2018-19, Making Worlds Core Program, UCLA Center for 17th- & 18th-Century Studies & William Andrews Clark Memorial Library, Program Details
Core Program | Making Worlds: Art, Materiality, and Early Modern Globalization
Organized by Making World: Art Materiality, and Early Modern Globalization & co-sponsored by the Social Sciences and Humanities Research Council of Canada (SSHRC) Insight Grant
Narratives of colonialism, empire building, and religious mission—of center, periphery, and globalization—have been under revision in recent years in order to nuance our understanding of what were immensely complex and multi-faceted phenomena. This year’s conference series will shift the focus from governing regimes and institutions to ways in which creative forms and practices were intertwined in the dynamics of materiality and early modern globalism. Such a proposition directs analysis toward the flow of materials, artefacts, and motifs across borders and bodies of water. It attends to experimentation that activated and responded to this traffic in things; it investigates these interactions as constant, on-going processes, thereby bringing innovation, ornamentation, improvisation, and sensation to the fore.
Such interactions were given impetus by an efflorescence of cosmopolitan spaces in the seventeenth and eighteenth centuries. These are cities, ports, exhibition sites, ships, caravanserais, markets, museums, theaters, and warehouses. They are spaces that are open to becoming something new, provisional instead of fixed in their form; they are not inherently hierarchical nor merely commercial, but inflected by global relations of power; they are spaces in which distance and presence are brought into consideration with each other. They are spaces through which people of diverse ethnicities, faiths, and vocational interests came and went. Allowing for convergences, reorientations, and interconnections, cosmopolitan spaces propelled people and artefacts in unexpected directions, giving rise to new ways of thinking.
These interconnected themes of spaces, materials, and imagination will be examined in three conferences through developing a series of interrelated case studies of movement and migration. These sessions will foster discussion and debate with visiting and local researchers and with the Making Worlds research project (www.makingworlds.net).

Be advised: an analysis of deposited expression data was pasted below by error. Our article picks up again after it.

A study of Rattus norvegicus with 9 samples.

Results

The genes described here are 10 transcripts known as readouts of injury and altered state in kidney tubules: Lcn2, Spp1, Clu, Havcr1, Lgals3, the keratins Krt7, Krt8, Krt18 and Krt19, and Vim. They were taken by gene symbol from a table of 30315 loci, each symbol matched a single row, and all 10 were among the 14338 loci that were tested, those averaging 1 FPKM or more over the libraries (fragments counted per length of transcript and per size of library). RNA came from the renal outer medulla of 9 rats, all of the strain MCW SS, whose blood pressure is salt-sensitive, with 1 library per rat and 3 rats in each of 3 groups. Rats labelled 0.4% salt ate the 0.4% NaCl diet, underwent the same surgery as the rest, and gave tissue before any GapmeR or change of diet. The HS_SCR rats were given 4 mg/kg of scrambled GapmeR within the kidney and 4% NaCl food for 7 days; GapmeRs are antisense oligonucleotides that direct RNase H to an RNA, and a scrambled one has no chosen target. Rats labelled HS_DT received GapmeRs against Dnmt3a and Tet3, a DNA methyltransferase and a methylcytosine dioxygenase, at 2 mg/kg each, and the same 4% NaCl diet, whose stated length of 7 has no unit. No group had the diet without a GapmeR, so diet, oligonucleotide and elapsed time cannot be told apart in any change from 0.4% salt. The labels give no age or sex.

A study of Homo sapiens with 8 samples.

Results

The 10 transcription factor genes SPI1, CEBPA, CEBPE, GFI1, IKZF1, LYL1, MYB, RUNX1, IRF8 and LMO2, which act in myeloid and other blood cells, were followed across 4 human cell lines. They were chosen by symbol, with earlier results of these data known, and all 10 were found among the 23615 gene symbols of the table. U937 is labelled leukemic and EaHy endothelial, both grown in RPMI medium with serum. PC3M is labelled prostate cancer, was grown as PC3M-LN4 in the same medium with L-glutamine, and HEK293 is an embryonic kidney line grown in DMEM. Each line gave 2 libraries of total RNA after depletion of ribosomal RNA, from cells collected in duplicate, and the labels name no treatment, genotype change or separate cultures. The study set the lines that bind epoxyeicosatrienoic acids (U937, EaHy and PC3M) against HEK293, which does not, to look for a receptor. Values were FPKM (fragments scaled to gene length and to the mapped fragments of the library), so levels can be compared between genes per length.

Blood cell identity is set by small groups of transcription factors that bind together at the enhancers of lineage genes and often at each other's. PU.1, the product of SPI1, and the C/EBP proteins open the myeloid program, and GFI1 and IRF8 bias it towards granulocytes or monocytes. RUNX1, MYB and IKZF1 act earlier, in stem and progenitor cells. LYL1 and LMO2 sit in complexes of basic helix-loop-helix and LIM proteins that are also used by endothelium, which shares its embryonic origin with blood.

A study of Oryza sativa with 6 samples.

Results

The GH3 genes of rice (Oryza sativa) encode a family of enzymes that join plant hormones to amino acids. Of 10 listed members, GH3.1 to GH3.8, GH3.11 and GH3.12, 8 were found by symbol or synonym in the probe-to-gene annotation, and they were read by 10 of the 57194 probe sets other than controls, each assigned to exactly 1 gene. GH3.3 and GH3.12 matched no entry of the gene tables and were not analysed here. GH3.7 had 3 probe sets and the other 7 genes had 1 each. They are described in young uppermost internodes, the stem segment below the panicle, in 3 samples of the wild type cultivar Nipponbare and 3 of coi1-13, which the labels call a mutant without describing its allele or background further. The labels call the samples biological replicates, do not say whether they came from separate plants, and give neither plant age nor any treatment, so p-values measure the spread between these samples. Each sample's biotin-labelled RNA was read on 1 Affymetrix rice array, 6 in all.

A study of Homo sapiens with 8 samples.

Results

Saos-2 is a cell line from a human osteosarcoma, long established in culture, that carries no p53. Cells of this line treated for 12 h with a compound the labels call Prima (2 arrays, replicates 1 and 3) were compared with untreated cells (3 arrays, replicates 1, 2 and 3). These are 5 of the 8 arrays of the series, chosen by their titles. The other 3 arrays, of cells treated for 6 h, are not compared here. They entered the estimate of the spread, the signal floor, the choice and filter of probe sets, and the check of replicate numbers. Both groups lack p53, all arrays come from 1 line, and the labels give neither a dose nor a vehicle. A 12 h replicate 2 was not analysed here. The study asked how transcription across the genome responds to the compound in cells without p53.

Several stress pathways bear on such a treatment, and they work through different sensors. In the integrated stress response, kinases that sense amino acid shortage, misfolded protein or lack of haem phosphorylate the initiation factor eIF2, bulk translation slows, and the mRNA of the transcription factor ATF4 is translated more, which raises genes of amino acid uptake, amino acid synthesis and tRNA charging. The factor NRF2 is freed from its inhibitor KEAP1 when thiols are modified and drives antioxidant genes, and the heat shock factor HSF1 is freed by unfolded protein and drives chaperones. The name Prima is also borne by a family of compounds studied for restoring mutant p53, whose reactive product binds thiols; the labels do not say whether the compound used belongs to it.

Conference 1: In Between Spaces
October 12-13, 2018
This first conference will consider movement, migration, and invention through, between, and within early modern spaces. The papers will explore new uses for, practices in, and configurations of spaces such as inns, ships, caravans, islands, warehouses, deserts, streets, and waterways. Such spaces could be in motion or transitional, both isolated and connected, and open to unpredictable forms of traffic. These spaces have much to teach us about flows and commingling of materials, media, motifs, practices, and people across and between cultures in the early modern world.
Conference 2: Material Flows
February 1-2, 2019
This conference will consider the flows, circuitry, and transformations of materials, motifs, styles, artistic vocabularies, and practices across geographical boundaries. Recent considerations of transnational studies and the global turn have prompted a shift away from area studies, state formation, and fixed borders to take into account concepts such as mobility and cultural entanglement. Papers will take up artefacts and motifs, tracing their circuitry and their paths to explore the implications of global movement and material flows.
Southern Barbarian (Nanban-jin) Boat
Formerly attributed to Kano School (Japanese)
May 3-4, 2019
Having examined the potential for creative interaction to which “in between spaces” and “material flows” across geographies gave rise, this conference turns to “other worlds.” These are imaginary places, such as utopias and paradises; sites, like Jerusalem, that have been recreated elsewhere; travel narratives; costumes, performances, and ballets, such as Ben Jonson’s Masque of Blackness (1605) and Daniel Rabel’s designs for Americans for René Bordier’s Ballet de la Douairière de Billebahaut (1626); and representations of terrestrial and astronomical imagery. Papers will consider ways in which literary, theatrical, theological, mythological, architectural, and geographical forms became loci for imagining and inventing other worlds.